Winshluss (Vincent Paronnaud) has taken the Pinocchio stories of Carlo Collodi and dragged it through the hundred or so years of popular culture that has passed since it was first written and given it a surreal dark twist. The results are quite an amazing comic book: Pinocchio by Winshluss (Amazon UK), an award winner, picking up book of the year at the French Angouleme festival.
The book is published in French but mostly without text, the story told in descriptive panels in that classic Bandes Dessinées style intermixed with with full page and half page panels that also form part of the narrative. The only parts of the book with words are a few sections in black and white drawn in a loose sketchy style that nicely juxtaposes with the colour artwork that makes up the main body of the book. These black and white passages involve Jimmy the Cricket who has taken up home in Pinocchio’s head, and with my bad french I managed to just about understand what was going on, although you could easily understand the story with little or no french (like me).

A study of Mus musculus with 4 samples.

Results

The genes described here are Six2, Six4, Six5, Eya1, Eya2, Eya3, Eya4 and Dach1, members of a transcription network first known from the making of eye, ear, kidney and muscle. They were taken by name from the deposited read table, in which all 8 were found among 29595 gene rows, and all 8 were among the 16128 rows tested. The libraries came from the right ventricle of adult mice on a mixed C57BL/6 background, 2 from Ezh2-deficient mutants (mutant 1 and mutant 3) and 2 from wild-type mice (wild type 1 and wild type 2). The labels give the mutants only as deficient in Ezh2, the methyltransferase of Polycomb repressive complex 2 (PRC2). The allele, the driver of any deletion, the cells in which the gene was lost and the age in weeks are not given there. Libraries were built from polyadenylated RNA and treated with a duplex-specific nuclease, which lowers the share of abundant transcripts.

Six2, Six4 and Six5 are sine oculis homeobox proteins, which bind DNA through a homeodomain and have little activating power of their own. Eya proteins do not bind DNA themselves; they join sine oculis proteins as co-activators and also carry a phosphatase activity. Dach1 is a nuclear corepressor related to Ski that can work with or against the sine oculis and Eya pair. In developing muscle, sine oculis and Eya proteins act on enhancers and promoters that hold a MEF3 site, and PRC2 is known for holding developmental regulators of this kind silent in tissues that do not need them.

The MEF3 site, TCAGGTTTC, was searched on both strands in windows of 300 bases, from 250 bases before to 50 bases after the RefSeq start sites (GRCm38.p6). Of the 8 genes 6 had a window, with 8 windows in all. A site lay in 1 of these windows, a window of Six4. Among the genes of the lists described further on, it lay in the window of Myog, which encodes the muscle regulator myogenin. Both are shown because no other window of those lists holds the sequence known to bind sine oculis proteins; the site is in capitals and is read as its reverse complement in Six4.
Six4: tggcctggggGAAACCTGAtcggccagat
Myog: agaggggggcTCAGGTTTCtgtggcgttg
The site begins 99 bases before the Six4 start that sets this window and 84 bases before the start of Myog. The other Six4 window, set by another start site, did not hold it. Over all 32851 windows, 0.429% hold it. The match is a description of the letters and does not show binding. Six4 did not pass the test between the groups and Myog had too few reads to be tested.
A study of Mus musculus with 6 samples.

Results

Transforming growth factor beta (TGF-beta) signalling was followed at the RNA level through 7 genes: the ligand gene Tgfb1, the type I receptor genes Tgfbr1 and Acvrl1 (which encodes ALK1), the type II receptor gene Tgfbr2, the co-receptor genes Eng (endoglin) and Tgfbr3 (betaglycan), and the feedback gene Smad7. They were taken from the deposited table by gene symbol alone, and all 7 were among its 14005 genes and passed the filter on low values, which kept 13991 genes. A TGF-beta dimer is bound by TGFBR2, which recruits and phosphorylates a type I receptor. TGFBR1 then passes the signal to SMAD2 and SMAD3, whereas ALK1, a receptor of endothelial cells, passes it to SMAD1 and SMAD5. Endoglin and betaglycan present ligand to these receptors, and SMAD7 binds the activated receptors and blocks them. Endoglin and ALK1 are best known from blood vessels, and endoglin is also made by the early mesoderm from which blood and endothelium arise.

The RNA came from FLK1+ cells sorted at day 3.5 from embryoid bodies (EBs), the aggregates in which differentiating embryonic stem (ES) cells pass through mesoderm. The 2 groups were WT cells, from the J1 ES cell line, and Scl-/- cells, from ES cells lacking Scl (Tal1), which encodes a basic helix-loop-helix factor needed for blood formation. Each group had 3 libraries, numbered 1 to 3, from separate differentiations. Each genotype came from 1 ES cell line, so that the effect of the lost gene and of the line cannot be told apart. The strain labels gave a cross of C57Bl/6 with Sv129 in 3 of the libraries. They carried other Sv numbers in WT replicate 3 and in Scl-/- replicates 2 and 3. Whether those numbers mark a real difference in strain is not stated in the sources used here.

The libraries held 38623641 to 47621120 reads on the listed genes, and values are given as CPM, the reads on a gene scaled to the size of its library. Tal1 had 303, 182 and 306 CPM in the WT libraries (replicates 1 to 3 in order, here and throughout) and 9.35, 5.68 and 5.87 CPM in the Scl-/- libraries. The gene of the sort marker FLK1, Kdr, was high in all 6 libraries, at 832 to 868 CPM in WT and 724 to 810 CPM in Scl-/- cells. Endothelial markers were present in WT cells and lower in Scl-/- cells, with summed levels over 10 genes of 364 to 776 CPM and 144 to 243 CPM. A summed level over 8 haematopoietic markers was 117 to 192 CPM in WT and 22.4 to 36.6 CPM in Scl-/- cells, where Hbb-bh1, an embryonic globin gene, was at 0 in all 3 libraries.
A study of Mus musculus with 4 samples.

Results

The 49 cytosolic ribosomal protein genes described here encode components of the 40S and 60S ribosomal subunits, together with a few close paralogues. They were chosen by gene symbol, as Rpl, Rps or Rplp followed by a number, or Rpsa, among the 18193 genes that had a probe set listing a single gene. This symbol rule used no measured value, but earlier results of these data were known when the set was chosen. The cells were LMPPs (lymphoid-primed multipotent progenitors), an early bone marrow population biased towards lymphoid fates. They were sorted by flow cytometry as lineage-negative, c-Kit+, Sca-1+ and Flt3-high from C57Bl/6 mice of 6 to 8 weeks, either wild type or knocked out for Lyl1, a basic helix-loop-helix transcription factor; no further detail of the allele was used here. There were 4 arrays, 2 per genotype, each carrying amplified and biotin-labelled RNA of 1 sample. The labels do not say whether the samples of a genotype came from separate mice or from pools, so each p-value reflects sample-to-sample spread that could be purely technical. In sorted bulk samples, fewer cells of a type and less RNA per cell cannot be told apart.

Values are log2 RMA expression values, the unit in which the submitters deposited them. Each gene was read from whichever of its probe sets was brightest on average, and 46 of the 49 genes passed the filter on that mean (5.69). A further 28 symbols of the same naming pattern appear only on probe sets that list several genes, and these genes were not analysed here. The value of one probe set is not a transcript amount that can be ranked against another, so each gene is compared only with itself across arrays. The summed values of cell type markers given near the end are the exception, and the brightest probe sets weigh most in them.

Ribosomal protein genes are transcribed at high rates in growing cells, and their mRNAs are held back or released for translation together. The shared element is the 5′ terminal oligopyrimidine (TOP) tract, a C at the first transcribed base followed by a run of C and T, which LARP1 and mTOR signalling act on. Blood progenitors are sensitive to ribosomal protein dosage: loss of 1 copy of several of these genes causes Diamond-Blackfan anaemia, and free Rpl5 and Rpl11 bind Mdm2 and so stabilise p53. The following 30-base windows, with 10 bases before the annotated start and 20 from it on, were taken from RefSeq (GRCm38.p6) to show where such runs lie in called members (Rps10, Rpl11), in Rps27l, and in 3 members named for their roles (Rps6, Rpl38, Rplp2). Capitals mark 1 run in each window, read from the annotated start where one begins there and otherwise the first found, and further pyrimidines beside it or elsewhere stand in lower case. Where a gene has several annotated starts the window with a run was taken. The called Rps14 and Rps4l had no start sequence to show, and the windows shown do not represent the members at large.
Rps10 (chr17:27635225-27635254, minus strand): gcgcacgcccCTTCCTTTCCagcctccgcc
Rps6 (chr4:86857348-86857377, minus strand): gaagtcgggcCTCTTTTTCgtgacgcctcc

The majority of the book is colour and wordless. Winshluss draws and paints in several mediums and there are several full page panels that I was amazed by. The coloring has that desaturated nostalgic feel that perfectly matches his drawing style.
The lame fox and blind cat from the original Carlo Collodi Pinocchio adventures become a smack-head and blind beggar, Monstro the great whale becomes a polluted toxic mutant fish destroying a Titanic style liner complete with white bearded captain and string ensemble who not only carry on playing when the ship goes down, but as they are being dissolved by the acidic bile in the stomach of the toxic fish.
Winshluss also makes several nods to Disney; Snow White and the seven dwarfs make an appearance, the dwarfs are a gruesome set of perverts and their involvement in Geppetto’s comeuppance is particularly twisted. There is even a film noir element, a hard boiled cop with a head like an Easter island statue who tracks down Geppetto and the seven perverted dwarfs. The book is certainly dark, but full of humor.
Pinocchio himself is a mute robot-boy, created by Geppetto to be a war machine who he initially tries to sell to the military. Pinocchio goes wandering after short circuiting while Jimmy the Cricket enters his robot brain. Pinocchio tumbles through this story, staying resolutely mute while the tale unfolds around him.